When I turned seven, I somehow convinced my parents to let me have a sleepover birthday party.
Looking back, it seems ludicrous – 10 first graders sprawled throughout our house, hopped up on sugar and and the promise of Cinnabons for breakfast. But if you know me at all, I’m sure you’re nodding your head in understanding. Yes, of course, I would be that girl who just had to have the first sleepover party, I would insist on doing something that seemed older and cooler and just out of reach, I would wear my parents down with months of nagging, all the more motivated by their initial veto of my idea.
As you might expect, it was a complete disaster – how else could the “sleep deprivation + seven year olds + sugar” equation realistically play out? I can’t even remember exactly what happened, but it was so epic it still leaves me feeling slightly guilty and icky and insecure to think about it now, 18 years later. I know at least one girl had to go home. I know that more than one girl cried. I know that when it was all over, I was forbidden from attending and hosting sleepovers for at least a year (the beginning of a popular punishment through my high school days.) And yes, my parents did seriously ground me by the year. Giving me an excellent excuse for all that drinking I did during college.
It was with this legacy of sleepover disaster that I hesitantly started planning my 25th birthday party almost three months ago. I was nervous, unsure. Despite my domestic talents (pear bread, anyone?), I really hate the pressure of being a hostess. I hate feeling like other people’s enjoyment is resting on my shoulders, like I have to pick the perfect bar and make the perfect brownies (which I did, btw) in order for my friends to be happy. Because it’s really, really important to me that they are.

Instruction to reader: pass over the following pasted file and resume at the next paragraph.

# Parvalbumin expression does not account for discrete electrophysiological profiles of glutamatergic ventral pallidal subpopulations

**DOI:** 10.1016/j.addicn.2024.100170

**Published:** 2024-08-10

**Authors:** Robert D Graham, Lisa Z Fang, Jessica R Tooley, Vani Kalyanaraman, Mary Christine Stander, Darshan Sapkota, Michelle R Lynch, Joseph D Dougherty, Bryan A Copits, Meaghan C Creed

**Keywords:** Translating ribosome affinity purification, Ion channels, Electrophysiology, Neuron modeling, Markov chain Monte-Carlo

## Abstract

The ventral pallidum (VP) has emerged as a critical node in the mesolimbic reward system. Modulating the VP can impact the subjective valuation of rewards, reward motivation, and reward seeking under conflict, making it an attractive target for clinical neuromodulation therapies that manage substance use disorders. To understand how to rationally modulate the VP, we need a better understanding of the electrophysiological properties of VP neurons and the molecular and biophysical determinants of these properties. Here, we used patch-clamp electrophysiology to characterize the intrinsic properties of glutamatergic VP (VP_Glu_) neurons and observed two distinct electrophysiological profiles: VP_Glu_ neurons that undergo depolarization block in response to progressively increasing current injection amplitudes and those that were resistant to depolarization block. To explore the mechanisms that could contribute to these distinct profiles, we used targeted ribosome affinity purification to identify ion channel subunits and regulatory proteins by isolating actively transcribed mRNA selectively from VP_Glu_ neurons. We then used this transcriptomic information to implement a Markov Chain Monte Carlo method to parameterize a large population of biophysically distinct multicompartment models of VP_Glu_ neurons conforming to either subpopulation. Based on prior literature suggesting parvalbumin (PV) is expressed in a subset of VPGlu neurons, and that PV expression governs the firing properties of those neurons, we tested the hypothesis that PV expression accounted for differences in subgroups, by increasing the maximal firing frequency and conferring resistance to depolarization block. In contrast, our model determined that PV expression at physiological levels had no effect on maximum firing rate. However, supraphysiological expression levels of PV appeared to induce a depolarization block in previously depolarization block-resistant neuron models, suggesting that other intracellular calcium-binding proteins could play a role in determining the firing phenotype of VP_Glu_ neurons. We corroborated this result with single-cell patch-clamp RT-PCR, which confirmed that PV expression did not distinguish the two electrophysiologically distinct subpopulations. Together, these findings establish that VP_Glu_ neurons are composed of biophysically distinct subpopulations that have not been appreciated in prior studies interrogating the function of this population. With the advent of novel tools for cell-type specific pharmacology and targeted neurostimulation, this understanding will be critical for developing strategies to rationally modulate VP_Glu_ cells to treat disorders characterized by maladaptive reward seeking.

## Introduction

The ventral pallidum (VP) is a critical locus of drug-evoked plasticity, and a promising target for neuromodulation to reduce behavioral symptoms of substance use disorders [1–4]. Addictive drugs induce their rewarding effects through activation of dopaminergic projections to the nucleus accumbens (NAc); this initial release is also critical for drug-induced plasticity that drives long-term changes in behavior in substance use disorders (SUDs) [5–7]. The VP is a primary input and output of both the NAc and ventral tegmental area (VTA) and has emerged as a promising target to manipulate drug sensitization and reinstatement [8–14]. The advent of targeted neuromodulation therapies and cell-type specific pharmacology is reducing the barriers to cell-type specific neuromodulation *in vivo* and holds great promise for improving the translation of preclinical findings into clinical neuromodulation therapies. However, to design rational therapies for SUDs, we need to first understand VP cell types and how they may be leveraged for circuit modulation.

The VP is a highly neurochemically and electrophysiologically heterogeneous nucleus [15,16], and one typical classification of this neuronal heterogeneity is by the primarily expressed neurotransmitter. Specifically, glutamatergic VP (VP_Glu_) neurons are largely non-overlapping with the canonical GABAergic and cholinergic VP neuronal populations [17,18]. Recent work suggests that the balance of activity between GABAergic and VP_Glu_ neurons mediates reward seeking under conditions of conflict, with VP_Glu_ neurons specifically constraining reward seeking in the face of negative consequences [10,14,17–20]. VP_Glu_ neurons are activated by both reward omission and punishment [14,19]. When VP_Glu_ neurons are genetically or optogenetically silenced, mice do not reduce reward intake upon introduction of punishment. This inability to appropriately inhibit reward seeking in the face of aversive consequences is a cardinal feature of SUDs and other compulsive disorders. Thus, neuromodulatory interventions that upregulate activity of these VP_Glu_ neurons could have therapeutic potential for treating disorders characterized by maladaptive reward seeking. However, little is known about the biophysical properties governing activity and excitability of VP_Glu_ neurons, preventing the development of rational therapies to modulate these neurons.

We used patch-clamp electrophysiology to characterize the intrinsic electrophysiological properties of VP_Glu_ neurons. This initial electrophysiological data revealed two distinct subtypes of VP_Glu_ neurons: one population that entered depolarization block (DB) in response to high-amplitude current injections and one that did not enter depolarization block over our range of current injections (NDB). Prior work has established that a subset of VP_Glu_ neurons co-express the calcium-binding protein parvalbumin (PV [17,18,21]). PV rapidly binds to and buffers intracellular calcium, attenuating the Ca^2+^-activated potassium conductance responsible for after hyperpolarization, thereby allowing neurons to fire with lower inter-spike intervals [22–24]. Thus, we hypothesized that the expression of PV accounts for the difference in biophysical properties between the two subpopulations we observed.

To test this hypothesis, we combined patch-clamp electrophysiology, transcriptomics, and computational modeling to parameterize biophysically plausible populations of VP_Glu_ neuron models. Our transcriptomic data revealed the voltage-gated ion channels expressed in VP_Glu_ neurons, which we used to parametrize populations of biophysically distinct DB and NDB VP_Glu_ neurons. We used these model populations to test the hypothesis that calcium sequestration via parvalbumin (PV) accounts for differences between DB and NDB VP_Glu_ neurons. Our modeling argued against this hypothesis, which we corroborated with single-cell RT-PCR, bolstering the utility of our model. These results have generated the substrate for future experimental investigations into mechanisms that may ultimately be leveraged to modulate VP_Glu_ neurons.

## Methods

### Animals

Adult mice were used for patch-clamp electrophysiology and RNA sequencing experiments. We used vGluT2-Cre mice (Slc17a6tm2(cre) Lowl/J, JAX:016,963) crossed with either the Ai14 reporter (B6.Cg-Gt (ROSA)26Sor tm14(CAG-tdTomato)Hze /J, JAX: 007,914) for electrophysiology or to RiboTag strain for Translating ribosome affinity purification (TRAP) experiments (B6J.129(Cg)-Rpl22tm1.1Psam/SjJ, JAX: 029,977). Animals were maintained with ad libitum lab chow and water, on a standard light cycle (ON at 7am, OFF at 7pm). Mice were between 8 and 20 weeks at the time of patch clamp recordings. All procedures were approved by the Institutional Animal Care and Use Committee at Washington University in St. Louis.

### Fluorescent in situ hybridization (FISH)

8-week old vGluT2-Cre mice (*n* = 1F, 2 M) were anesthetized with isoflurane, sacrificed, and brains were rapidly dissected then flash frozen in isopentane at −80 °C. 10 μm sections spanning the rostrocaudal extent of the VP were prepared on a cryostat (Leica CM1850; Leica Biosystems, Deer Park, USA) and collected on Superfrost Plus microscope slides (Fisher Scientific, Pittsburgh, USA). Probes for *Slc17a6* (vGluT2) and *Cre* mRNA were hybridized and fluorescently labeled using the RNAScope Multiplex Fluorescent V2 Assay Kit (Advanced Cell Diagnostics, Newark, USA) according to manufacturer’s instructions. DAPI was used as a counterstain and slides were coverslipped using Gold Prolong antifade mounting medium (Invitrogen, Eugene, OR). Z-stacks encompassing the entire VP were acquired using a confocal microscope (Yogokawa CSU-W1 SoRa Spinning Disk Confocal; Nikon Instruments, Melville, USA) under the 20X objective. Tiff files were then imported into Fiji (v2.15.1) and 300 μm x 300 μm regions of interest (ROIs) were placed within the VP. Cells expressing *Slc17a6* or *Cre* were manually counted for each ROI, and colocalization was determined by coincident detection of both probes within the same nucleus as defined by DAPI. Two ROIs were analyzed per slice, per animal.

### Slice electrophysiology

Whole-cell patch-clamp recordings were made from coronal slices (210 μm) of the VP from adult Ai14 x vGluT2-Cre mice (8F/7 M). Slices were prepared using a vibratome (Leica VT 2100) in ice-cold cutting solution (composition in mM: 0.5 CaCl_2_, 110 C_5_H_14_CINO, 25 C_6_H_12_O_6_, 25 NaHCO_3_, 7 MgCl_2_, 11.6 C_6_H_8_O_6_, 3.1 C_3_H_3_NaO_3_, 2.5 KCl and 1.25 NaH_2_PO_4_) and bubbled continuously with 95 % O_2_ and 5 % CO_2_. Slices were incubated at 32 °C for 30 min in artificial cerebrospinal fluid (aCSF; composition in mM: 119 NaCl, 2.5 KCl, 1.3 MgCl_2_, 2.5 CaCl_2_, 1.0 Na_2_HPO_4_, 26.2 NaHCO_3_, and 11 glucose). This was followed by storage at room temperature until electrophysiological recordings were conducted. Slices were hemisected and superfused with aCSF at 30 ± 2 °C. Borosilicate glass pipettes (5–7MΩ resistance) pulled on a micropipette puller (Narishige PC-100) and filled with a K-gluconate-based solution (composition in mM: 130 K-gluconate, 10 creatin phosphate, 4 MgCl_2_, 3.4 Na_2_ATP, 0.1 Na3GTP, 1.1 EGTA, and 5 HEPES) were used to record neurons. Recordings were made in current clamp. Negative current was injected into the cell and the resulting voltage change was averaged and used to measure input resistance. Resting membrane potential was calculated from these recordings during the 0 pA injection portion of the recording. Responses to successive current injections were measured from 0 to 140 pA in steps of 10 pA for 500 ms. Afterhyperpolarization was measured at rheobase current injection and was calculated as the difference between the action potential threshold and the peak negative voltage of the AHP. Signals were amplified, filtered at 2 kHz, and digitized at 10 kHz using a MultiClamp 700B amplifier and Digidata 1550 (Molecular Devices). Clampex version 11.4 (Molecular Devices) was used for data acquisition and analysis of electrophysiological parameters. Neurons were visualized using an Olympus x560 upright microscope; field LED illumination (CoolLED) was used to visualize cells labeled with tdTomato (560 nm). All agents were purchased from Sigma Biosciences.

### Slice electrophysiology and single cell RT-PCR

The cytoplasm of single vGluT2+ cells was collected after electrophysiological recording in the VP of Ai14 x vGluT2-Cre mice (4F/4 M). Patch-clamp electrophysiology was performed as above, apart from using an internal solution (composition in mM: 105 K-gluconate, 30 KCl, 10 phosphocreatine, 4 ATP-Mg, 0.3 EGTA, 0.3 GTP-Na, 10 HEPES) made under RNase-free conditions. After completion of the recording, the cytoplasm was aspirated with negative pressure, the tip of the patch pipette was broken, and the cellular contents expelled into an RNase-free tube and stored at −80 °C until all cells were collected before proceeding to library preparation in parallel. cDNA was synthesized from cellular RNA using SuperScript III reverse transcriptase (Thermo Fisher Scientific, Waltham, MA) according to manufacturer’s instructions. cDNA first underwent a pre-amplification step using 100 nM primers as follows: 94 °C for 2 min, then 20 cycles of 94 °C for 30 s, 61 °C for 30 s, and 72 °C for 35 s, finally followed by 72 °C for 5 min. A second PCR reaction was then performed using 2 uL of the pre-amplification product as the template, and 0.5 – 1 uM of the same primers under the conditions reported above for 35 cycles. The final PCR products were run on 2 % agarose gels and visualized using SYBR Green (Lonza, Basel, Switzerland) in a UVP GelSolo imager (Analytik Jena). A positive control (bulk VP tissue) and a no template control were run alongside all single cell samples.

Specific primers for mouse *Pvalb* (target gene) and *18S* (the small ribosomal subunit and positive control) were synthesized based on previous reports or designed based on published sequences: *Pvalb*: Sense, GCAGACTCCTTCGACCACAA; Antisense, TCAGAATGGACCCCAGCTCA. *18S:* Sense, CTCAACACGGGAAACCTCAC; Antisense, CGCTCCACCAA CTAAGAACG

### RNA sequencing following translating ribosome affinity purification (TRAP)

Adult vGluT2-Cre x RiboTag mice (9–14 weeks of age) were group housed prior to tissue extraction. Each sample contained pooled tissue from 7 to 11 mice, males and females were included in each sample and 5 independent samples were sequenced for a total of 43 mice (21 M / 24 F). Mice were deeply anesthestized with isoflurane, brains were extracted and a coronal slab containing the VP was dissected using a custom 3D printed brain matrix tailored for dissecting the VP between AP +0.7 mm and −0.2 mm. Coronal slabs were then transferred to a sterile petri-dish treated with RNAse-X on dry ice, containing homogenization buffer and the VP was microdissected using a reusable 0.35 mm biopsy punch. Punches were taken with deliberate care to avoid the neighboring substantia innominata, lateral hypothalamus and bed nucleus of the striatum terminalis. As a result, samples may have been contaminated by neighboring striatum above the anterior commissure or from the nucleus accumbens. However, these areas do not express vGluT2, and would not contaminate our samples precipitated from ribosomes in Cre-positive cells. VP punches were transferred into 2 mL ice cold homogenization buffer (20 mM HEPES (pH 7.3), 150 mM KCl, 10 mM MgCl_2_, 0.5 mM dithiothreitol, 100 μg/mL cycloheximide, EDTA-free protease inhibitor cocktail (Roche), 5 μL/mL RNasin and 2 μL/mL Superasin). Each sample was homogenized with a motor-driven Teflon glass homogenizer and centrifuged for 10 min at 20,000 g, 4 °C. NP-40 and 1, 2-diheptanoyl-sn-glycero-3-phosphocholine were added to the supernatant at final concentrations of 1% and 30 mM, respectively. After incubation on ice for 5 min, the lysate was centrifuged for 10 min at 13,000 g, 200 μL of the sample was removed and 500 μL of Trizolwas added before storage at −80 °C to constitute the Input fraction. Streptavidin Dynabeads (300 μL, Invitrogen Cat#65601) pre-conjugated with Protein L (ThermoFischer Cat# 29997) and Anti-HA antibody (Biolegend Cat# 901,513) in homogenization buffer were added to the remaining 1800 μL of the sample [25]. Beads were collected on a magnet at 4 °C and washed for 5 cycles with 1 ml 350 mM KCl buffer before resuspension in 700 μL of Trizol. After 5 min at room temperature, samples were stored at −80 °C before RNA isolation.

These imaginary standards and anxieties (yes, I also have a recurring fear that no one will show up) usually keep me from playing hostess. But five months without talk of Dawson’s Creek, nail polish and menstrual cycles forced me to reevaluate my stance.
By December, I really, really missed my friends.
So I organized this weekend reunion, which kind of played out like an episode of This Is Your Life (yes, I admit, that reference is completely based on a brief reenactment on Real World San Francisco.) There were three girls from my elementary school, five from my middle school, six from high school. There were friends from my first job in DC, my first house after college, my first stint as an editor at my college paper.
Oddly enough, the most underrepresented group was my friends from college. Amruta and Sarah are obviously still in India, and some of my friends are boys, which automatically excluded them from the invite list (I did eventually break down and invite my gay BF, but sadly he was busy, because he just has a packed social calendar like that.)
But it wasn’t just that people were out of the country or otherwise occupied. Some of them just didn’t even know I was planning this.
I feel like I’m in this weird in-between stage with some of my college friends. We’re starting to lose touch.
It’s the distance and the packed schedules and a lost cell phone here and there. I went through it with some of my high school friends for a while, too. But when life started picking up speed, when they started getting married or losing loved ones, it didn’t matter that I hadn’t visited them at college or seen them over Christmas break. I was there; we found each other again. And I’m convinced that I’ll eventually reach this stage with some of my college friends too. But for now, until we boomerang back – not necessarily to where we were, but to a different – maybe even better – place, the bottom line is: it’s kind of awkward.
Besides, my apartment can only hold so many people. We blew up four aerobeds, took down the futon, borrowed sleeping bags from Dave’s parents. I bought beer and wine and vodka and cheese (because all girls love cheese.) My best friend and I baked brownies.
I was definitely nervous. I was scared that people – many of whom had never met each other – wouldn’t get along. I was scared that people would bail. And, most of all, I think I was secretly scared that it would all end just like my first-grade party: in some sort of dramatic blow-up that, while I might not be able to put my finger on, would always leave a bad taste in my mouth. Thirteen girls, one bathroom? It wasn’t so far-fetched.
But that’s not what happened. Everything was fine – great, even, depending on who you ask. We went shopping and watched 30 Rock and sipped sangria. We went out for a fancy dinner at a chic restaurant in University City and then out for a classic brunch at Marathon (twice.) Mostly, though, we just talked – no TV, no blaring music, not even that much booze. It wasn’t crazy or epic or the kind of weekend that gives birth to an arsenal of stories. But it was nice. And exactly what I needed.